What is Cancer?
The organs and tissues of the body are made up of tiny building blocks called cells. Cancer is a disease of these cells. Cells in different parts of the body may look and work differently but most reproduce themselves in the same way. Cells are constantly becoming old and dying, and new cells are produced to replace them. Normally, cells divide in an orderly and controlled manner. If for some reason the process gets out of control, the cells carry on dividing, developing into a lump which is called a tumour.
Tumours can be either benign or malignant. Cancer is the name given to a malignant tumour. Doctors can tell if a tumour is benign or malignant by examining a small sample of cells under a microscope. This is called a biopsy. Cancer of the white blood cells is called leukemia. In a benign tumour the cells do not spread to other parts of the body and so are not cancerous. However, if they continue to grow at the original site, they may cause a problem by pressing on the surrounding organs.
A malignant tumour consists of cancer cells that have the ability to spread beyond the original area. If the tumour is left untreated, it may spread into and destroy surrounding tissue. Sometimes cells break away from the original (primary) cancer. They may spread to other organs in the body through the bloodstream or lymphatic system. When the cancer cells reach a new area they may go on dividing and form a new tumour. This is known as a secondary cancer or metastasis.
- Most childhood cancers are curable. About 80% of all children with cancer are being cured in the developed (high-income) countries, where all children with cancer have access to modern treatment.
- The types of cancers in children include leukemias, lymphomas, brain tumors, kidney tumors, neuroblastoma, sarcomas, liver tumors, bone tumors, germ cell tumors etc. Some cancers like leukemia, lymphomas and brain tumors occur both in adults and children. But certain other types such as Wilms tumor and neuroblastoma are unique to children and do not occur in adults. Most adult type cancers (of lung, pancreas, colon, breast etc) do not occur in children. Childhood cancer, including leukemias and lymphomas are more sensitive to chemotherapy than adult type cancers such as carcinomas. That is why we are able to cure about 80% of all children with cancer with modern treatment.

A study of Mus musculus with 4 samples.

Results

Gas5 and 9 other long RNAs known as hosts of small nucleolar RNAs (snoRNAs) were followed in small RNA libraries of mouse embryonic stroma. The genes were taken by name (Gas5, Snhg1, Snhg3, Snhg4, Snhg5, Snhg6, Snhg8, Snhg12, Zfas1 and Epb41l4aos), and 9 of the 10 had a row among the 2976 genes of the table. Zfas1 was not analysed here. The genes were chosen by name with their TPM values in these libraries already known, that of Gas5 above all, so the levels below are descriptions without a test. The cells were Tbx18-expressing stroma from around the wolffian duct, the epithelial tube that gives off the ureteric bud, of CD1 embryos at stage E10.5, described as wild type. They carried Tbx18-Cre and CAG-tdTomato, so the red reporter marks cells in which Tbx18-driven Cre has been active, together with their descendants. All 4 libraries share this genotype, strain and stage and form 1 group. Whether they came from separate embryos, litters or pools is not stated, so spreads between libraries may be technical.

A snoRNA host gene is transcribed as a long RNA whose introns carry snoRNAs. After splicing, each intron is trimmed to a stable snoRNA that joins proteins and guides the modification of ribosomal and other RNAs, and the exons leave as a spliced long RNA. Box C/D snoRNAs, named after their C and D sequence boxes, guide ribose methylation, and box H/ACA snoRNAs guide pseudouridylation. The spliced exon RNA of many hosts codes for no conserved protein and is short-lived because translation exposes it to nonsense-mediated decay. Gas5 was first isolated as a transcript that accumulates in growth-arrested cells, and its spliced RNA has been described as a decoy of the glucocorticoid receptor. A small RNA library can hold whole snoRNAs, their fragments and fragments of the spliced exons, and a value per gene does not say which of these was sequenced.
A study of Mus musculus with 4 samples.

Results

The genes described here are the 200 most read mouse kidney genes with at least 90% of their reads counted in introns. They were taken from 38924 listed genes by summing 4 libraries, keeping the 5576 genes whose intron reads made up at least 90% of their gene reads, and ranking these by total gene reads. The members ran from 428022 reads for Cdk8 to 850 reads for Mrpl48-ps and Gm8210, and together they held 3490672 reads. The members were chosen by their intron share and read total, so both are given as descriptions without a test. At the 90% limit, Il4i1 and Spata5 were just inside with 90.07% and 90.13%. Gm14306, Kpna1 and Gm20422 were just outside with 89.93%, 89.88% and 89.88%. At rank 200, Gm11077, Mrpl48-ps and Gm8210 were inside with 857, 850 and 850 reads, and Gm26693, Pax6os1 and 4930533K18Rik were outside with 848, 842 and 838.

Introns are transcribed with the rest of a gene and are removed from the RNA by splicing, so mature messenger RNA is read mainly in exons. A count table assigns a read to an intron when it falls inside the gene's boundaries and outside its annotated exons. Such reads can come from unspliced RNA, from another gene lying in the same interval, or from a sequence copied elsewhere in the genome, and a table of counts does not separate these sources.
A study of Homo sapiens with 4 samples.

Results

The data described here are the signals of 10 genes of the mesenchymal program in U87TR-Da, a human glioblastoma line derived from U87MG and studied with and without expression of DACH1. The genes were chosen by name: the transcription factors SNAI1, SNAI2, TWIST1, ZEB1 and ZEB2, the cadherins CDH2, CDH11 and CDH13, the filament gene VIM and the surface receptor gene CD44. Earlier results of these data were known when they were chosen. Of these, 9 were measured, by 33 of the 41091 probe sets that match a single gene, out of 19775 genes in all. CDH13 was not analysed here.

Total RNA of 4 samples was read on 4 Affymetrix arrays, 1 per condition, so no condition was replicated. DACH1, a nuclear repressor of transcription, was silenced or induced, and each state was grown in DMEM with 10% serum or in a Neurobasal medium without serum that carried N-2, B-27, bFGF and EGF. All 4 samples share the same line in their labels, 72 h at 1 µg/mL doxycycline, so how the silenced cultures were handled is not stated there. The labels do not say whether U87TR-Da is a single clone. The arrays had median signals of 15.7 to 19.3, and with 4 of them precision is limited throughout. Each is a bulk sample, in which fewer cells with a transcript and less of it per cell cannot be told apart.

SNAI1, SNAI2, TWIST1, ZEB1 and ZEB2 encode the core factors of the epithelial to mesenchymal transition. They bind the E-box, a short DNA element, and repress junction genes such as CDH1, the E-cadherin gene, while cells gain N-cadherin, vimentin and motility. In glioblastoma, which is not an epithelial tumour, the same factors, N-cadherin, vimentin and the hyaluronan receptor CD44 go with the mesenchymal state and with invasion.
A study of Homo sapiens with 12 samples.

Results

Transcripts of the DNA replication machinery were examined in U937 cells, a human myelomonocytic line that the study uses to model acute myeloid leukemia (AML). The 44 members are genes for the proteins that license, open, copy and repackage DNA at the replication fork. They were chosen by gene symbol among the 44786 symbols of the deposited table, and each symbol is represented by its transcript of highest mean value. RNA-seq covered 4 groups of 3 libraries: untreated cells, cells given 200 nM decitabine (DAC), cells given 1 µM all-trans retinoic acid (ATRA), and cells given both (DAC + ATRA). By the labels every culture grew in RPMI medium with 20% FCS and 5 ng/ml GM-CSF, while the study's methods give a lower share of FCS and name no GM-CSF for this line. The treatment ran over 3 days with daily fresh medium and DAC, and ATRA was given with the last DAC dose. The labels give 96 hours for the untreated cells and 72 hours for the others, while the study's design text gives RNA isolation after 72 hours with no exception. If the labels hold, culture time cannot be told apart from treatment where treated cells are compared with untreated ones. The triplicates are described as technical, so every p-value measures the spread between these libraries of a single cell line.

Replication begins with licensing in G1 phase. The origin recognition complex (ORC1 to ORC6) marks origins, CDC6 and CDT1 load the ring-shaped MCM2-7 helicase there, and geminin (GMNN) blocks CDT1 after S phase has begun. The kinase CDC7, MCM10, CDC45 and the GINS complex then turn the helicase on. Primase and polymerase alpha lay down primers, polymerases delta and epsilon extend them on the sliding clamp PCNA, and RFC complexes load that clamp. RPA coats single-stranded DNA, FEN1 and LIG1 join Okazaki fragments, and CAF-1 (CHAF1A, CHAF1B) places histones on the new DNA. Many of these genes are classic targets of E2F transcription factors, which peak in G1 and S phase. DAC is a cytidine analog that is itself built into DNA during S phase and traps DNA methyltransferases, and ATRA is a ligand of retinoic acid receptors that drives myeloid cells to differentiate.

- In order to give the best chance of cure to all children with cancer, the diagnosis needs to be made without much delay; and every child with cancer should be treated at a major pediatric cancer center, closest to home.
- A pediatric cancer center is usually located in a major tertiary care hospital which has all the diagnostic facilities (such as full imaging and histopathology); all the specialists and facilities needed for managing children with cancer ( pediatric surgery, surgical specialties, pediatric ICU etc. blood bank). Pediatric oncology ward usually should be a separate ward preferably with private rooms; and the air should be clean to reduce the rate of infections. Such a center has one or more fully trained pediatric oncologists, a team of pediatric oncology nurses, and other professionals.
- About 230,000 children get cancer every year around the world. Of those, 200,000 (86%) live in low income countries like India and only 40% of them have access to modern cancer treatment. Others get inadequate treatment or no treatment at all. In India alone, about 45,000 children develop cancer every year.
- Approximately 2,500 children develop cancer every year in Tamilnadu state alone.Of those only about 1,500 (40%) children are getting modern treatment at major pediatric cancer centres. Others are receiving their treatment in hospitals which are not equipped to care for them or they are not getting any treatment at all.